THE PURCHASE PRICE EQUATION
Below provides an overview of the main components to the purchase price and how they fit together.
Enterprise value represents the total value of the Company (both debt and equity). It is calculated by determining the Company's pro-forma, normalized and adjusted EBITDA, then applying a multiple.
Adjusted EBITDA represents what we expect the Company to make in a typical year based on its historical performance and considering its forecast opportunities.
The multiple represents the perceived quality of the Company and is derived from a combination of factors such as industry, size of the Company, stability and recurrence of cash flows, as well as market conditions. The multiple is often calculated in reference to other similar companies, or "comparables", and / or similar precedent transactions, to the extent they exist.
WORKING CAPITAL ADJUSTMENT
When a Company is purchased, it is generally for its future earning potential. A buyer is largely paying on the Company's Adjusted EBITDA. However, a company needs capital to fund its day-to-day operations in order to be able generate those earnings. Illustratively, if the Company is in manufacturing, it would need to fund payroll and purchase orders, etc., to fill customer orders before it would be collecting cash on its sales. A company requires working capital to fund the time delay between incurring its operating expenses and receiving cash for revenue. Think of net working capital as the amount of capital the Company needs to fund day-to-day operations for timing differences in cash inflows (accounts receivable) and outflows (inventory and accounts payable).
As a buyer, you do not want to purchase a company and subsequently discover you now need to put more capital into the business to fund the operations which generate the earnings you paid for as a part of the purchase price. Therefore, it is critical to determine the amount of working capital the business needs as a part of due diligence. On close of a transaction, an adjustment is made to the purchase price such that the right amount of capital is left in the business.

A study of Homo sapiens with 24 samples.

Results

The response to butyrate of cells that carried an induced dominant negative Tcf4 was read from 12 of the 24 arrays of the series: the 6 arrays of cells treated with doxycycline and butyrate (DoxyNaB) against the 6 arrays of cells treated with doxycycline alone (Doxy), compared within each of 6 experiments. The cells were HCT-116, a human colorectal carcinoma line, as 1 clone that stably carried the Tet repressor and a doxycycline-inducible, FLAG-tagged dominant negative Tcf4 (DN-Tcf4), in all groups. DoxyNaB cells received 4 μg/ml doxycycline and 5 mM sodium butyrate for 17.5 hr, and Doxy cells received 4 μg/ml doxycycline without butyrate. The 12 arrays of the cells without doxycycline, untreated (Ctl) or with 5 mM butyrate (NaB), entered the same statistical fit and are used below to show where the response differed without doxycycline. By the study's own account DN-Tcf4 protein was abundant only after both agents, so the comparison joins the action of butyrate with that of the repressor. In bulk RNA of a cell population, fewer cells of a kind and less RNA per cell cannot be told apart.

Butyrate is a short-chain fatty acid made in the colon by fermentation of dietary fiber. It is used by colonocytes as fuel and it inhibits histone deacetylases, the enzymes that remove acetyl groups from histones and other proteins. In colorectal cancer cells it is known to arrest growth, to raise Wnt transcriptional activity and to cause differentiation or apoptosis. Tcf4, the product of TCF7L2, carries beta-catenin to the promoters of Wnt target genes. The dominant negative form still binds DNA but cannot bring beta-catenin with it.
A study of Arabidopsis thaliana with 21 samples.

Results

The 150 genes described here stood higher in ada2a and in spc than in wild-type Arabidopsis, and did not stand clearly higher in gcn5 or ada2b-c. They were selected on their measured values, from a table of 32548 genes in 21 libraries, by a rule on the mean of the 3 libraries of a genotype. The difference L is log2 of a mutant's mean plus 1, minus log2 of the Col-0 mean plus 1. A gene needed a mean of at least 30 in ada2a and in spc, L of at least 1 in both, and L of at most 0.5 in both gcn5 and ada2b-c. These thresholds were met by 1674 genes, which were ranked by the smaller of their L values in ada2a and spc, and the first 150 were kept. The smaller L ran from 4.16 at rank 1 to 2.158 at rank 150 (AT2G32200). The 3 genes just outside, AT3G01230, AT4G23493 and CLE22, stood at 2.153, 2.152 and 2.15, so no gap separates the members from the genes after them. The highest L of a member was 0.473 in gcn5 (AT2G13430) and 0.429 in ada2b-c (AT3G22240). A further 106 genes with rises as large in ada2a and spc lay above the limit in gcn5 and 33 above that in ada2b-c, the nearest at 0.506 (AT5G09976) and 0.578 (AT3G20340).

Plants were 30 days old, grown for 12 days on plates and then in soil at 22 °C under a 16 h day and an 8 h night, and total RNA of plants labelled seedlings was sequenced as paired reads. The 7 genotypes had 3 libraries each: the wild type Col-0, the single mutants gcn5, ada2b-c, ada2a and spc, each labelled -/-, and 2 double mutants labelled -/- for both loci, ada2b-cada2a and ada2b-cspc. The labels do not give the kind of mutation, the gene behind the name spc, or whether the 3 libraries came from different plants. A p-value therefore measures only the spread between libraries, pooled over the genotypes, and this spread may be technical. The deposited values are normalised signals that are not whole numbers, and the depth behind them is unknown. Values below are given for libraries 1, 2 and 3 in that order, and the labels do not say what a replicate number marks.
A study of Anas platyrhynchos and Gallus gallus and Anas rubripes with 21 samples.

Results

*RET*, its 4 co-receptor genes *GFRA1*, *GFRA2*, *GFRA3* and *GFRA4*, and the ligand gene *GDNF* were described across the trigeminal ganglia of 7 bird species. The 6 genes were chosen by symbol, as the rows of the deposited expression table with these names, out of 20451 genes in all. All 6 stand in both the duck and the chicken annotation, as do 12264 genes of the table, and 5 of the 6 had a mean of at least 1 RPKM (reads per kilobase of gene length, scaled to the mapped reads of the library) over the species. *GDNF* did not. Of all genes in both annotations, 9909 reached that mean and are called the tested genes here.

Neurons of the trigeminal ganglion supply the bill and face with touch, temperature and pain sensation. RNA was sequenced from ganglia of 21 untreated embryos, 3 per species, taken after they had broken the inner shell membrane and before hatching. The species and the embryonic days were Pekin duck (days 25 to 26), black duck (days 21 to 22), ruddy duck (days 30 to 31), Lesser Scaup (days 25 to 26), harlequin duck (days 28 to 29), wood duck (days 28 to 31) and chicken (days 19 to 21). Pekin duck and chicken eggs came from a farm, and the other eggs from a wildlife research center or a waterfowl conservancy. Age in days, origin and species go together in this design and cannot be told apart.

Similar to working capital, as a buyer you want to know that when you purchase a company the machinery, vehicles and major capital items are in good working order such that you do not need a major capital investment post-close just to keep status-quo. It is not uncommon once management decides to sell that large capital expenditures are put off. If a buyer is paying for earnings based on a fleet of 50 trucks, the buyer should also understand how old these trucks are, the amount of maintenance required, and the general condition of the assets prior to paying for the earnings to be generated from these assets. If it is found that there will be major maintenance required post-close to maintain status-quo, these costs can be deducted from the purchase price.
Net debt is "net" because it is the total of the Company's debt less its cash. Most transactions are assumed to be on a cash-free and debt-free basis so that the buyer does not need to assume the past capital structure of the business. Different owners have different credit worthiness (and accordingly, a different cost of capital) and preferences on capital structure. Removing past debt allows the new owners to re-finance as they see fit. The net debt adjustment is what takes us from the Company's total value / enterprise value to its equity value / purchase price, by removing net debt.